Tamara is an LGBTQ activist and artist from Indonesia. With her performance art she is trying to fight for the rights of the most discriminated subgroups. Quickly, I learned that there are many spheres to identity, and that despite our very different background we always find someone that can understand what you are talking about. Now, I want you to understand. Let me tell zir story.
Identifying as transgender in Indonesia takes much courage and much spirit and the ability to not listen to the thousands of whispering voices around you. Here, as trans-gender person you can constantly hear strangers insulting you, saying bad things directly to your face or behind your back. You can become victim of violence, people spitting to your feet, grabbing your clothes or wishing bad things happening to you. But the thing that strikes me the most is the racism behind it, our racism against ourselves.
I believe that the hatred against trans-people or individuals with various sexual orientations is deeply connected to racism. We have copied the international racist structures, and now, we hate ourselves. The class divide of our society, in my opinion, is also a reason why we are attaching values to subgroups in our society. We have not always been like this, we were once an open place, colourful and diverse. But the burden of developing, with its setbacks and the lack of opportunities has caught our country early enough.
Let me tell you one story, just something that I recently experienced. Coming back vacation, being a travel agent, I usually travel around in Asia many times a year and I speak other languages, such as Thai. So, scoming back, I feel those negative attitudes towards me much more vividly, and I sometimes get more angry. So, when people respond in a rude way to me, I have started to pretend to be a tourist from Thailand, talking in Thai language. Suddenly, the same people watching me with hatred in their eyes, forget caring about me being trans or not. Those very same people put you on this golden plate: A foreigner, this blessed person, who cannot do anything wrong. And this is even more apparent with Europeans and Americans.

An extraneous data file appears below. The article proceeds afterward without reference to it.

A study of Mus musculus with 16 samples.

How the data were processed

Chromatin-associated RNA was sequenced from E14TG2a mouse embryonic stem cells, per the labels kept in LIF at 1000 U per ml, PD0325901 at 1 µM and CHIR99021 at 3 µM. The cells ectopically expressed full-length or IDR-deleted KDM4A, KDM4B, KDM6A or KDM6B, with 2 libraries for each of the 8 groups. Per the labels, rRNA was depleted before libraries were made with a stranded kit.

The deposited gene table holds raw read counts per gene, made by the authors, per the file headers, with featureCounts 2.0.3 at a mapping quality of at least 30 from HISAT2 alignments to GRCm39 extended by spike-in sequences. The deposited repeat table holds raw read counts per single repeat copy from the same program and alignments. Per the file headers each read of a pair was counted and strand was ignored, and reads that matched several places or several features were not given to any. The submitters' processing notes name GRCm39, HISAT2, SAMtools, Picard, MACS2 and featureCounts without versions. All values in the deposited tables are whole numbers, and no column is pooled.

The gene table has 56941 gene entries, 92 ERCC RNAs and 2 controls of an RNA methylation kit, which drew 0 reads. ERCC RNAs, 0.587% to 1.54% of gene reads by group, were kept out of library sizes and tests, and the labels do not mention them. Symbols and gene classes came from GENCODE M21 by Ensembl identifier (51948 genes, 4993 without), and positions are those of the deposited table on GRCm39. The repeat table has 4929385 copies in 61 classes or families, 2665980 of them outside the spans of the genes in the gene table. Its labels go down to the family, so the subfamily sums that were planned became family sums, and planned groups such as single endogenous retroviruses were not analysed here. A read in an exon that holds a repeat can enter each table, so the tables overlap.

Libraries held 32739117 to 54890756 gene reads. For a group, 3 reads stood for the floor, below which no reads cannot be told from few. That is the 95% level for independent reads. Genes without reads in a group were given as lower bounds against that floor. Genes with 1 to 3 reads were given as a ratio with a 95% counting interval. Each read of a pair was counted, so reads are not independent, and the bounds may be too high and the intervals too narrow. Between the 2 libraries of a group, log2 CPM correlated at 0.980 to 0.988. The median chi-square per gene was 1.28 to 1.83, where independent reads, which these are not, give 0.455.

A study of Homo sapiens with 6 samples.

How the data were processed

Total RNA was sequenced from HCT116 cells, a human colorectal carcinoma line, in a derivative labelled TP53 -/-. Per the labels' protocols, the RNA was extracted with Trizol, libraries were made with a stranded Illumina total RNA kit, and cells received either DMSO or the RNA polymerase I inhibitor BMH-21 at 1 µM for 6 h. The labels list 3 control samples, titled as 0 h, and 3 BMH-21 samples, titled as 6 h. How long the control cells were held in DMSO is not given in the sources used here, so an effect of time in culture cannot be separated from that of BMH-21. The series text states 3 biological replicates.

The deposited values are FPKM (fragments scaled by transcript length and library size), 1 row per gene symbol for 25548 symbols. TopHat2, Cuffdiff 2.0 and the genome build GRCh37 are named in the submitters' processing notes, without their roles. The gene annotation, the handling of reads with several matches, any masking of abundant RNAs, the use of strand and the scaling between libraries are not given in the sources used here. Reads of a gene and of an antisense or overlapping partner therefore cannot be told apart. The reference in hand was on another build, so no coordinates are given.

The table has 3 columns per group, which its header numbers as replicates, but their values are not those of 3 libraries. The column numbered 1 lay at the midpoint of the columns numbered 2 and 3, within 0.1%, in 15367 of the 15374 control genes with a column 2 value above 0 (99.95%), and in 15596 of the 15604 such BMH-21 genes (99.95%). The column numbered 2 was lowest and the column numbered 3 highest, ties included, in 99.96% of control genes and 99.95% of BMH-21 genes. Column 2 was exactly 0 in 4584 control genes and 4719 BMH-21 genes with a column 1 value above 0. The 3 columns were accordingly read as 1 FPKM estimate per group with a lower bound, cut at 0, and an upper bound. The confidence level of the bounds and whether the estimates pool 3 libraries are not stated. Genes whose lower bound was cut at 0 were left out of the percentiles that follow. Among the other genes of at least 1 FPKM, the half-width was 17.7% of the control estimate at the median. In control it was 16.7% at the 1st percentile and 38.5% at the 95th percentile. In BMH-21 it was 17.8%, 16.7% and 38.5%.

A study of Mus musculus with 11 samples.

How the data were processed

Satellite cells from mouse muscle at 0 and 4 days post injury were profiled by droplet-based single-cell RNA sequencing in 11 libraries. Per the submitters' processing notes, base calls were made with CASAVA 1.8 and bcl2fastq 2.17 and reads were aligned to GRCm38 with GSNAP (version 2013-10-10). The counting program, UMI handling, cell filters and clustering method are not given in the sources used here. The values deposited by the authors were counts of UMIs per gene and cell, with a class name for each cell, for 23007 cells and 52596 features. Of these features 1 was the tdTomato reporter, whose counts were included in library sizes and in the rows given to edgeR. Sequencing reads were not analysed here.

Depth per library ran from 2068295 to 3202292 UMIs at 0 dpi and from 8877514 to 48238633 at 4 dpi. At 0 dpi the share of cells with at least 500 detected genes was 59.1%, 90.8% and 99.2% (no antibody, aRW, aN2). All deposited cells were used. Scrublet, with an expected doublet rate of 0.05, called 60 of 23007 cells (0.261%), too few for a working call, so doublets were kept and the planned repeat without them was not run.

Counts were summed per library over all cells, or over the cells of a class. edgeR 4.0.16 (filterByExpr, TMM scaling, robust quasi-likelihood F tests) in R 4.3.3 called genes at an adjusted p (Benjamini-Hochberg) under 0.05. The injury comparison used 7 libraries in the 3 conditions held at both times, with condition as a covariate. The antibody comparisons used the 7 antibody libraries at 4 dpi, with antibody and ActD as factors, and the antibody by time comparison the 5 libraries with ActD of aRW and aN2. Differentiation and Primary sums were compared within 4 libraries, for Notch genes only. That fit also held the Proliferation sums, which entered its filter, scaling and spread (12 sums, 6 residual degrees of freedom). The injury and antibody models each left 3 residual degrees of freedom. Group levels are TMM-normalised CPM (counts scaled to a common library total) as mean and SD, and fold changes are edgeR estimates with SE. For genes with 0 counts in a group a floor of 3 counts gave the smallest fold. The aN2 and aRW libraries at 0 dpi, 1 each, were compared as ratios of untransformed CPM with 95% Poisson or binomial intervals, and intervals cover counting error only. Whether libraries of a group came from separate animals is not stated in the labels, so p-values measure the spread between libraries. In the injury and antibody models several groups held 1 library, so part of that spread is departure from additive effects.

They can have any identity they want, they will always be perceived as better than we Indonesians perceive our own people. I think because tourists, travellers, and therefore, foreigners most often have money, money they can spend. So, my people want to be nice, polite, because they always expect a foreigner to pay for hospitality. But it seems more than just money, I feel that we, as society have been a victim of colonization and since then of racism, and we have internalized these distorted worldviews in our daily perceptions, most often without realizing the damage we cause to ourselves, our families and our community.
But, do not get me wrong. It is not like all people are like that, we also have beautiful communities, where we support each other and our diversity, where we learn from each other and where we can be free in a safe space. I am participating in trans-gender networking, all over Indonesia and beyond, with immense art projects that are being displayed publicly and for a wide audience. I am active in the movie, music and entertainment industry, all hotspots for positive change. I believe my country and my community is changing, we are fighting the old traditional values and we are trying to reach out and combat racist attitudes. It is our time, now, to take over and make the planet to a better place.